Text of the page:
FOR the past 13 years, Linda Sheknami Auta (pictured) has grown rice, maize, yam and soybeans by hand. It is a long and arduous process that has prevented her from expanding her business as quickly as she would like.
Ploughing her 20 hectares farm in Niger State in Nigeria’s Middle Belt takes the equivalent of five months of hard toiling. With the right specialist equipment and training, this could be cut to just 10 days. But finding the financing, tools and farm workers is tough – especially as a woman.
‘Women in my industry are often looked down upon, considered too weak to be doing what is traditionally considered a “man’s job,” so it has been hard to hire labour,’ says Linda, 34. ‘Unfortunately, some men just do not want to work for a female boss.’
A new initiative by farming collective Alluvial Agriculture seeks to level the field for female farmers. The company, which provides education and market access for smallholder producers across Africa, has begun training and financially supporting 50 women across 15 Nigerian states to become tractor owner-operators.
‘For too long, women have been excluded from agricultural finance and mechanisation, despite the fact that they are the backbone of our industry,’ said Dimieari Von Kemedi, co-founder and managing director of Alluvial Agriculture. ‘Our programme is an important step in addressing this imbalance.’
Training is being provided by a joint venture between the Indian conglomerate, Tata International, and Alluvial. After the three-week course is completed, each of the women will form partnerships or cooperatives, and each cooperative will be provided with state-of-the-art John Deere tractors and will work on at least 5,000 hectares of female-led farms that are part of Alluvial’s community block farm projects. A percentage of fees earned by the women will be used to repay the loan for their tractor. Based on expected earnings from tractor leasing, the women should have paid for their first tractor within two or three years. Each of the new female-led businesses is expected to own between 20 and 50 tractors by 2028.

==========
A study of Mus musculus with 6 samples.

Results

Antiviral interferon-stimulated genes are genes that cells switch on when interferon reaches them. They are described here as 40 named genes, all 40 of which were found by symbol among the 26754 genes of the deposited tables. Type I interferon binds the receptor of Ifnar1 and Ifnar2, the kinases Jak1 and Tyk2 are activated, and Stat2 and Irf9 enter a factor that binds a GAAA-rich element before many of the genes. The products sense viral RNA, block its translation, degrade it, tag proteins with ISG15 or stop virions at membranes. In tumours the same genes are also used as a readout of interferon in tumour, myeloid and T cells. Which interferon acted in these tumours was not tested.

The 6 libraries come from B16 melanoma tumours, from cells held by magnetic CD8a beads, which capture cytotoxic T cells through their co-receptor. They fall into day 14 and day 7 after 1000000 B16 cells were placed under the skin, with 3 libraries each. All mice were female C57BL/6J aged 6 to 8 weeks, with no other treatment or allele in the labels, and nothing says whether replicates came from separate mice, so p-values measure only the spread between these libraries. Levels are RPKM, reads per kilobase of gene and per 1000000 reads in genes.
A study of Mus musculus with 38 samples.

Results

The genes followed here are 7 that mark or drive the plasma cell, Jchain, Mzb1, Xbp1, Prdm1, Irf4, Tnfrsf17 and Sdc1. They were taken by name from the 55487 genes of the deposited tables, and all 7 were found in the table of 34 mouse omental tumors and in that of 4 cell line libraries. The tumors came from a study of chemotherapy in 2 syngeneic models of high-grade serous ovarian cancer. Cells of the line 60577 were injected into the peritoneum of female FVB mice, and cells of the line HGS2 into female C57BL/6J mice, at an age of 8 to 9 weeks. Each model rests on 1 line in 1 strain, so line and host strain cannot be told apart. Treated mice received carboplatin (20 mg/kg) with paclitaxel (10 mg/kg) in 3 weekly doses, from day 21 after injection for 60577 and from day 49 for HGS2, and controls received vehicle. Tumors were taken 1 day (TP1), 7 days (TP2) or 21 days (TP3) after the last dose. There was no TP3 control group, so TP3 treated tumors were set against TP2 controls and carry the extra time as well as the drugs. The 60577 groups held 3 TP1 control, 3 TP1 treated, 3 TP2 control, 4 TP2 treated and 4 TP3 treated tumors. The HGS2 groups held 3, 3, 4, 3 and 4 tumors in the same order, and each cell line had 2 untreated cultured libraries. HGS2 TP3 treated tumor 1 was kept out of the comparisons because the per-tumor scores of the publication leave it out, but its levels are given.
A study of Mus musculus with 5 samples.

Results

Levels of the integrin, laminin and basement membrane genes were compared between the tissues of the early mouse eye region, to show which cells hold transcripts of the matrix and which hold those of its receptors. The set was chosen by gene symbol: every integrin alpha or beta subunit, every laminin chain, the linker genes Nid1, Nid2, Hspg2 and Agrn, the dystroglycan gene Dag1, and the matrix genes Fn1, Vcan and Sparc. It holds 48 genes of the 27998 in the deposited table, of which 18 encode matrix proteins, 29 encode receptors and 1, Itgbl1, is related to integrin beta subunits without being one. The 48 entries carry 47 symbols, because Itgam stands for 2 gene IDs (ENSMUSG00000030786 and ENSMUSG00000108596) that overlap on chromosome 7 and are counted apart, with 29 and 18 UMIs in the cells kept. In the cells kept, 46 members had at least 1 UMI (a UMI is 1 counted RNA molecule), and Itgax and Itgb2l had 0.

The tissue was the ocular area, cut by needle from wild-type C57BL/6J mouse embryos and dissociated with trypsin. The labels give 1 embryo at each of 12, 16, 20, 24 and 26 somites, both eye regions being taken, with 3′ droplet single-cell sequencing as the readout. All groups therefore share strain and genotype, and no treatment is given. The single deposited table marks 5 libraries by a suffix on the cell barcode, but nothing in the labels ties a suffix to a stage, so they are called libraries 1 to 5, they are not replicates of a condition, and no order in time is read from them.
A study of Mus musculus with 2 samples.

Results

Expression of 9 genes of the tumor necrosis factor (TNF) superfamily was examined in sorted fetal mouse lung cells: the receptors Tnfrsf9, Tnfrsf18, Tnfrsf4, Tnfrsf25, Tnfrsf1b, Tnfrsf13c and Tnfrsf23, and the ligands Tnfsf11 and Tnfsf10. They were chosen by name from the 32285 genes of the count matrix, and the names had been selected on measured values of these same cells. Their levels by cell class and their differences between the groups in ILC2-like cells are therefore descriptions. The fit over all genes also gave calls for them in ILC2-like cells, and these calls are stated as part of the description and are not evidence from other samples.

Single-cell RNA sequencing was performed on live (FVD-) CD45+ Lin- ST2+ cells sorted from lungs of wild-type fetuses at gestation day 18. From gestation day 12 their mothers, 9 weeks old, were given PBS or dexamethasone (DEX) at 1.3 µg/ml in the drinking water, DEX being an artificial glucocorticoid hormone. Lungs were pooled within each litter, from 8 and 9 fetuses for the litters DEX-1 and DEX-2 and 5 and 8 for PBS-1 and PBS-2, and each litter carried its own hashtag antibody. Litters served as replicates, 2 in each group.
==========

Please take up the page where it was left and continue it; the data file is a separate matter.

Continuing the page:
‘The Mastercard Foundation is very excited about this partnership as it is an opportunity to drive inclusive growth for women in farming,’ said Chidinma Lawanson, Nigeria Country Head at Mastercard Foundation. ‘Training young women to take up space in the male dominated sector is innovative and promotes gender equality. We look forward to many more women gaining such jobs in agriculture a major sector of the Nigerian economy.’
Female farmers across Africa struggle to cultivate their own businesses, cut off from formal financial support and agricultural training – symptoms of continued gender inequality that permeates through African society, says Chijioke Okoli, Nigeria Director for agriculture and construction equipment at Tata Africa Services.
‘Expert training and education in tractor operations will significantly support women in agriculture for the long term,’ Okoli said. ‘We are honoured to be working with Alluvial Agriculture and the Mastercard Foundation to advance women’s economic empowerment.’
Linda is one of the first women to be approved for the new scheme. Once she has received her training, she plans to pass on her knowledge to other women.
‘I never imagined that I would learn to drive a tractor, but I am not one to turn down a challenge – I have a passion for trying things that society believes aren’t for women,’ says Linda. ‘Women in agriculture must be empowered. Only then can we achieve gender equity in farming, afford a better life for our families, and help grow the economy.’